What do Design Thinking and boxing have in common? Surprisingly, more than you might think. As an Experience designer who has been boxing recreationally for the past two and a half years, I have discovered surprising parallels between these seemingly unrelated practices. In this article, I will share 3 key principles from boxing that have refined my approach to Design Thinking and my daily life.


Slow down to move fast

When watching boxing videos on social media, we usually see boxers executing long combinations with agility and fluidity. These videos are captivating to watch and sparked my interest in boxing. However, I learned that none of those boxers started out boxing this way. The key to being fast in your movements is slowing down each step to ensure the right technique. A boxer works on their speed only after perfecting their technique

This principle translated to the way I used Design Thinking. With pressure from tight deadlines, it is common to rush through the Design Thinking stages to arrive at solutions quickly. However, I have discovered that deliberately taking the time to go through each stage of the process thoroughly, results in better outcomes. Deliberately slowing down at certain checkpoints during a project allows me to reflect on the situation and ensures that I prioritise my time on needed steps effectively. This ultimately speeds up the overall design process as each stage is more thoughtfully executed.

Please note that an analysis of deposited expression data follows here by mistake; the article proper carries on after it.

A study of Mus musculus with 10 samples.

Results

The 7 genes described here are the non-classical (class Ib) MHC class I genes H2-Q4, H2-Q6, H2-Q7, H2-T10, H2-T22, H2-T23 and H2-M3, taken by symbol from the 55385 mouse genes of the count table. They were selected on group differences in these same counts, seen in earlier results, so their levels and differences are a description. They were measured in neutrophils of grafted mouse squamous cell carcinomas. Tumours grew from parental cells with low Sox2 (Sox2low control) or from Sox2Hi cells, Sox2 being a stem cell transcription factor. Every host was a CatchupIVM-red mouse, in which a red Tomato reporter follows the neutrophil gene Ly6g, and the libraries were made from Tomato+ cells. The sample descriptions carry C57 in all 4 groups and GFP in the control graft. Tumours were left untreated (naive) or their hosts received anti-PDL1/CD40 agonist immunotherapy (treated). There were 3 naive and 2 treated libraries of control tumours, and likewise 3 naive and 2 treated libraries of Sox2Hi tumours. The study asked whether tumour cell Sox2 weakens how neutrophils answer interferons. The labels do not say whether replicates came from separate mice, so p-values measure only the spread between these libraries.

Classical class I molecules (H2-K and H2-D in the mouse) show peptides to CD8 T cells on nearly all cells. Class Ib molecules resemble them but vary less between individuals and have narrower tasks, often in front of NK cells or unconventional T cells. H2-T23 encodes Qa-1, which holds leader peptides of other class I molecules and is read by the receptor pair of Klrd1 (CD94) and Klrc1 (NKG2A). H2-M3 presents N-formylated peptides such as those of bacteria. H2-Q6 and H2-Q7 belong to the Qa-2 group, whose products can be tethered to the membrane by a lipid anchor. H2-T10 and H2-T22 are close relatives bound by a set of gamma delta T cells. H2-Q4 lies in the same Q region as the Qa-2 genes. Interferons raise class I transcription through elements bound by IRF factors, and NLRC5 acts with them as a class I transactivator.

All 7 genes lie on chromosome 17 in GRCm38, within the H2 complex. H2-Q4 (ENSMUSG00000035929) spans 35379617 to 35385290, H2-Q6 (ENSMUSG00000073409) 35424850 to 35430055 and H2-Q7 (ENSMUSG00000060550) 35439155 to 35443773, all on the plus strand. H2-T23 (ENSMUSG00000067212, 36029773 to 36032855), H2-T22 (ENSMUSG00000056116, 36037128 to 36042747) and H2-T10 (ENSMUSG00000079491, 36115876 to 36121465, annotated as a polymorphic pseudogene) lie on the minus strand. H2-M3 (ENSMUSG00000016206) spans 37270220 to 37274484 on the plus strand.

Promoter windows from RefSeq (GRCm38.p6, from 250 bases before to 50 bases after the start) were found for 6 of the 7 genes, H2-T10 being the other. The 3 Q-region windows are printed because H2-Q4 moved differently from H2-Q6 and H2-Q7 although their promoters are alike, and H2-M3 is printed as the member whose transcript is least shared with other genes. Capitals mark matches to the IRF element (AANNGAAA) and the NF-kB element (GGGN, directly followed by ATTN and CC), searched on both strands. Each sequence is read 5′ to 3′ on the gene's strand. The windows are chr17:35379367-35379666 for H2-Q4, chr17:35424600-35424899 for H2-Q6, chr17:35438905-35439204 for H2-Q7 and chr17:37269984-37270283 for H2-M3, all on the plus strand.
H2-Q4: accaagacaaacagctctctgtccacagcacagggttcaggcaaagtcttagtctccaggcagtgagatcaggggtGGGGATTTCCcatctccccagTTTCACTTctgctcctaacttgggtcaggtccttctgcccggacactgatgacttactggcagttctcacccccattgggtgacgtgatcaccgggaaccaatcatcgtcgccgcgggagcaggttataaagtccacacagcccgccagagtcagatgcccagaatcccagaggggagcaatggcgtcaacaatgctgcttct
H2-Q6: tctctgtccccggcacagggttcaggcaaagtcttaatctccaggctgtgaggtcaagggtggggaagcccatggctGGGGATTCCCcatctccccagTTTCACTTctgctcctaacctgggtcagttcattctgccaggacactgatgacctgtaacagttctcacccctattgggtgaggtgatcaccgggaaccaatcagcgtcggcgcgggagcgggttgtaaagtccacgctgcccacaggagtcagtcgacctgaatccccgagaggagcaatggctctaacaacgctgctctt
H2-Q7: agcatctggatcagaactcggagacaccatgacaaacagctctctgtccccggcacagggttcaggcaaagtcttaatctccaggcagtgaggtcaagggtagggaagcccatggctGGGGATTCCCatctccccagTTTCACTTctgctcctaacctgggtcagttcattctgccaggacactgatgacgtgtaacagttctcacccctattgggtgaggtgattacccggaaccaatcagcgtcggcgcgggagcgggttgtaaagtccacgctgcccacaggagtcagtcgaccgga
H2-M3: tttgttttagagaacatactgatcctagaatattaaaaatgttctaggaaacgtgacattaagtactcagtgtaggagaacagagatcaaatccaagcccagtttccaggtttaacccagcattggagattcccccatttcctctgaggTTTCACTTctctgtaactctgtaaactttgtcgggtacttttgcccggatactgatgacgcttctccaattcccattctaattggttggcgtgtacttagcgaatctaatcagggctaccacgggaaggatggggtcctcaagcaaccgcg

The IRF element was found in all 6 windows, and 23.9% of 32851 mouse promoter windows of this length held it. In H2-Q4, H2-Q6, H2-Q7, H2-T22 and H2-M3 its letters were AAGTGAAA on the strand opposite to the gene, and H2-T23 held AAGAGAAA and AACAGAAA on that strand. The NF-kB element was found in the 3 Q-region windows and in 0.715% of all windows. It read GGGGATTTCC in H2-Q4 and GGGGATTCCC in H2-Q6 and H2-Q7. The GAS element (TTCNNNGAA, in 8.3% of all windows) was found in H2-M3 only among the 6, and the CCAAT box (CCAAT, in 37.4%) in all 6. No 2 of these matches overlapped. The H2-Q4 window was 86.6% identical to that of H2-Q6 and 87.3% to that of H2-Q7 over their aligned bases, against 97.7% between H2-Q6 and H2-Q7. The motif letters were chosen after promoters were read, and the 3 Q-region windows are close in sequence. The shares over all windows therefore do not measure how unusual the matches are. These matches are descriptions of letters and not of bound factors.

Stay calm under uncertainty

Sparring with another boxer is inherently unpredictable. Each sparring partner is different, with different skill sets and fighting styles. Learning to stay calm under pressure from a barrage of punches and adapt to rapidly changing situations is crucial to being a good boxer. This ability to maintain composure and clarity in the face of uncertainty has been invaluable in my Design Thinking approach.

Design projects often involve navigating ambiguity and complex challenges. Staying calm under uncertainty allows me to approach these challenges with a clear mind, making thoughtful and informed decisions. Instead of becoming overwhelmed by the unknown, I focus on taking things one step at a time. This approach enables steady progress even when faced with uncertainty.


Trusting the process

Boxing training has its highs and lows. You will inevitably have challenging moments such as progressing slower than expected or having setbacks due to injuries. Trusting the training process, staying committed, and believing in incremental improvements have been essential to my growth. This mindset has greatly influenced how I approach Design Thinking.

Design Thinking requires patience and persistence, as the best solutions often emerge through continuous refinement. Trusting the design process means embracing each stage fully and understanding that every step, even setbacks, contributes to the outcome. This trust fosters resilience and perseverance which enables me to push through challenges and stay focused on the end goal.


Boxing has taught me many valuable lessons that have made me a better Design Thinker. Slowing down to move fast reflects the importance of intentionally going through each stage to achieve better quality outcomes. Staying calm under uncertainty allows for better decision-making and adaptability in the face of complex challenges. Trusting the process fosters the patience and perseverance needed to push through setbacks and stay committed to the journey. 

These principles have not only made me a better boxer but also a more effective Design Thinker. Sometimes, the most unexpected activities can have more in common than you might think.

Shared by Syam Hussain, Experience Designer.